IL 1st Dist. / Noticeshoke2013
Report to Police 11 Days after Accident is “as Soon as Practicable”
The Illinois Appellate Court for the First District, in an opinion written by Justice Lampkin with Justice Burke concurring and Justice Gordon concurring in part and dissenting in part, applying Illinois law, reversed the Circuit Court’s ruling and held that the relevant insurance policy only required an insured to report an incident to the police “as soon as practicable.” Given the circumstances, the Appellate Court determined that the insured complied with the policy provision by reporting a hit-and-run accident to the police within 11 days of its occurrence.
Mark Lathrop (“Lathrop”) was hit by a truck while riding his bike in the direction of traffic in a residential area of Illinois. The truck that hit Lathrop did not stop after it struck him. Lathrop was in shock after the collision, and despite having a cellphone, Lathrop did not call the police to report the incident because he did not have any identifying information about the truck driver and there were no eyewitnesses. Eleven days passed after the hit-and-run before Lathrop went to the Evanston police station to report the accident.
Lathrop then filed an arbitration demand against Safeco Insurance Company (“Safeco”) requesting coverage under the uninsured/underinsured motorist coverage and medical payments provisions of the applicable auto policy. After Lathrop and Safeco exchanged written discovery, Safeco denied Lathrop’s request for coverage claiming that Lathrop’s failure to report the incident “within 24 hours or as soon as practicable” precluded coverage. In response to Safeco’s denial, Lathrop filed a declaratory action asking the court to find that Safeco had a duty to defend and that he complied with the notice provision.
The relevant uninsured/underinsured policy provision requires an insured report the accident to the police “within twenty-four (24) hours or as soon as practicable if a hit and run driver is involved.” Lathrop argued that the issue of whether he reported the accident to the police within a reasonable time should be analyzed under the same five factors Illinois courts may use to determine whether an insured gave the insurer reasonable notice of an occurrence or lawsuit that falls within the coverage of the policy. Despite finding that the five-factor analysis did not govern the interpretation of the police report policy provision at issue, the Circuit Court conducted the analysis and found that Lathrop’s police report 11 days after the accident was not made within a reasonable time. The Circuit Court granted Safeco’s motion for summary judgment and found that the relevant policy provision clearly and unambiguously required Lathrop to notify the police within 24 hours “absent extenuating circumstances (i.e., incapacitation).” Therefore, because there were no extenuating circumstances present, Lathrop’s failure to report the accident with 24 hours precluded coverage. Lathrop appealed.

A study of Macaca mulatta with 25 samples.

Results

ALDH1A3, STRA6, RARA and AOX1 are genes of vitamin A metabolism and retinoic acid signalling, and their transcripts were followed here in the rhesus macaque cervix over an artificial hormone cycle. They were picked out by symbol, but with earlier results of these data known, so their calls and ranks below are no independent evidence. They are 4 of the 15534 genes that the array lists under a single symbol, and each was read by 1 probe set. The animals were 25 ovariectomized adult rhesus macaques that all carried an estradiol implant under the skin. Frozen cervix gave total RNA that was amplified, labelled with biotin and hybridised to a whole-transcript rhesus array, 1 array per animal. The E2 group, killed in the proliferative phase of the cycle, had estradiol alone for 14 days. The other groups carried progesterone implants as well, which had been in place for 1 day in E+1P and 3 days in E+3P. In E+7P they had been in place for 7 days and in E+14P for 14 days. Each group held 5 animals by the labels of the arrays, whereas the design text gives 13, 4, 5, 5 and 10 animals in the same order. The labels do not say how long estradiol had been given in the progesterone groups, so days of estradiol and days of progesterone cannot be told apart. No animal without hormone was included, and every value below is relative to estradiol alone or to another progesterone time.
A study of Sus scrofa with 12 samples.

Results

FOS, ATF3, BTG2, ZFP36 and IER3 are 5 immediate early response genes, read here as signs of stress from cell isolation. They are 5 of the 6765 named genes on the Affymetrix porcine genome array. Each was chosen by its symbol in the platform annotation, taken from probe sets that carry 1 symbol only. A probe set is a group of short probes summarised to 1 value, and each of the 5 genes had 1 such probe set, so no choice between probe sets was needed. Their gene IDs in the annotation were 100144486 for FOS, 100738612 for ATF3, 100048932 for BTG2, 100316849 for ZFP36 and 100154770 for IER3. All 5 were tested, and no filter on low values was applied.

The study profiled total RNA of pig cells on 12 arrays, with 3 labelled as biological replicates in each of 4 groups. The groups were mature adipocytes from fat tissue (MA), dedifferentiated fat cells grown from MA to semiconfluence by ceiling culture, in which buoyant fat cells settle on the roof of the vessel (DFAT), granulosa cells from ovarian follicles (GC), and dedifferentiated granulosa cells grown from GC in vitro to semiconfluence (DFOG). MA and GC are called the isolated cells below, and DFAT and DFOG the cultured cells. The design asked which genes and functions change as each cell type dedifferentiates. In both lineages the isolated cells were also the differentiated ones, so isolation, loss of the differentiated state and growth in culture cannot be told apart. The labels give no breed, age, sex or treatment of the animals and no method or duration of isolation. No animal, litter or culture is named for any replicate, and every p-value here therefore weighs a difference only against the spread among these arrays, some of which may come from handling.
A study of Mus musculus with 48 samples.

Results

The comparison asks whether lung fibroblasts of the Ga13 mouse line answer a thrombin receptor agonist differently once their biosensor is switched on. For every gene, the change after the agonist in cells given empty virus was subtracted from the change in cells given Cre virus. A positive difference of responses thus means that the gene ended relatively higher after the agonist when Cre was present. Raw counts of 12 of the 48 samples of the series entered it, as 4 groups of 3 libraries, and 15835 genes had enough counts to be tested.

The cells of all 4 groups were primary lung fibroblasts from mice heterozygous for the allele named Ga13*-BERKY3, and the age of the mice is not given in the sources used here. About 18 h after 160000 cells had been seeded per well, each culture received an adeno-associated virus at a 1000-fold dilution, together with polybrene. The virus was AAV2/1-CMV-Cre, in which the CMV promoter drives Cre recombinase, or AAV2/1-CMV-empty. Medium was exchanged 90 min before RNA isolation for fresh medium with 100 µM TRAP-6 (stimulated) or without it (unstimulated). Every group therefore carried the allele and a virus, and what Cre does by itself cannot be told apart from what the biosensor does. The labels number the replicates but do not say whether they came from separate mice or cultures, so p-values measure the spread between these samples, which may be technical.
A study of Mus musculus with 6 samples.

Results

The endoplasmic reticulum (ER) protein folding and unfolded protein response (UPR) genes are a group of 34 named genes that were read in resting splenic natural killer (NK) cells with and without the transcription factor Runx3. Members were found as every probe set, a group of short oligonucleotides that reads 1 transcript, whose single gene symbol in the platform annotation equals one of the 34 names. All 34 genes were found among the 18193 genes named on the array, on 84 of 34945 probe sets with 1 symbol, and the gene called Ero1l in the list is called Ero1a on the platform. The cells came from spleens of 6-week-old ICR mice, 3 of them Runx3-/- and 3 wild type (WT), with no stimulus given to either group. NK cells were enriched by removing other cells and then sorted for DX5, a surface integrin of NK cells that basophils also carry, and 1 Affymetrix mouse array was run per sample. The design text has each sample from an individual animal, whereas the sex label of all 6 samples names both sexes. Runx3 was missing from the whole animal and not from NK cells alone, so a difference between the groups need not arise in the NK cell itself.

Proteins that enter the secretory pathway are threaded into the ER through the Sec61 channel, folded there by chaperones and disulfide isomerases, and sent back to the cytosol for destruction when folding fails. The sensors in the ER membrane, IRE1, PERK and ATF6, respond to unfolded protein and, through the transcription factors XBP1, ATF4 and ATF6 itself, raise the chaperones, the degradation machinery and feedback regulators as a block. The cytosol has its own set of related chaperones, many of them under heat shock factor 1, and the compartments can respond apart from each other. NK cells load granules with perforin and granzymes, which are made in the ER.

The Appellate Court agreed with the Circuit Court that the police report provision was unambiguous and also agreed that the five-factor analysis did not govern the determination of whether Lathrop reported the accident to the policy within a reasonable time. However, the Appellate Court rejected the Circuit Court’s addition of “extenuating circumstances” into the provision and found the policy only required Lathrop “to report the accident involving the hit-and-run driver to the police within 24 hours or as soon as practicable.” Further, the Appellate Court explained that “as soon as practicable” means “within a reasonable time, and what is reasonable depends on the facts and circumstances of the case.”
With those guideposts in mind, the Appellate Court determined that Lathrop satisfied the policy requirement by reporting the accident to the police within 11 days given the facts and circumstances of the accident. Therefore, the Appellate Court determined that the Circuit Court erred when it denied Lathrop’s motion for summary judgment and granted Safeco’s motion for summary judgment and reversed and remanded the case accordingly.
Justice Gordon concurred in part and dissented in part with the majority opinion. According to Justice Gordon, Illinois has a five-factor test to determine whether notice has been given within a reasonable time. The factors include: “(1) the specific language of the policy’s notice provision; (2) the insured’s sophistication in commerce and insurance matters; (3) the insured’s awareness of an event that may trigger insurance coverage; (4) the insured’s diligence in ascertaining whether policy coverage is available; and (5) prejudice to the insurer.” Justice Gordon explained that the Appellate Court failed to apply those factors in its analysis of Lathrop’s case and thus, recommended that the court should deny each motion for summary judgment and instruct the trial to utilize the five-factor analysis set forth by the Illinois Supreme Court on remand. Lathrop v. Safeco Insurance Company, 2020 IL App (1st) 190741 (July 23, 2020).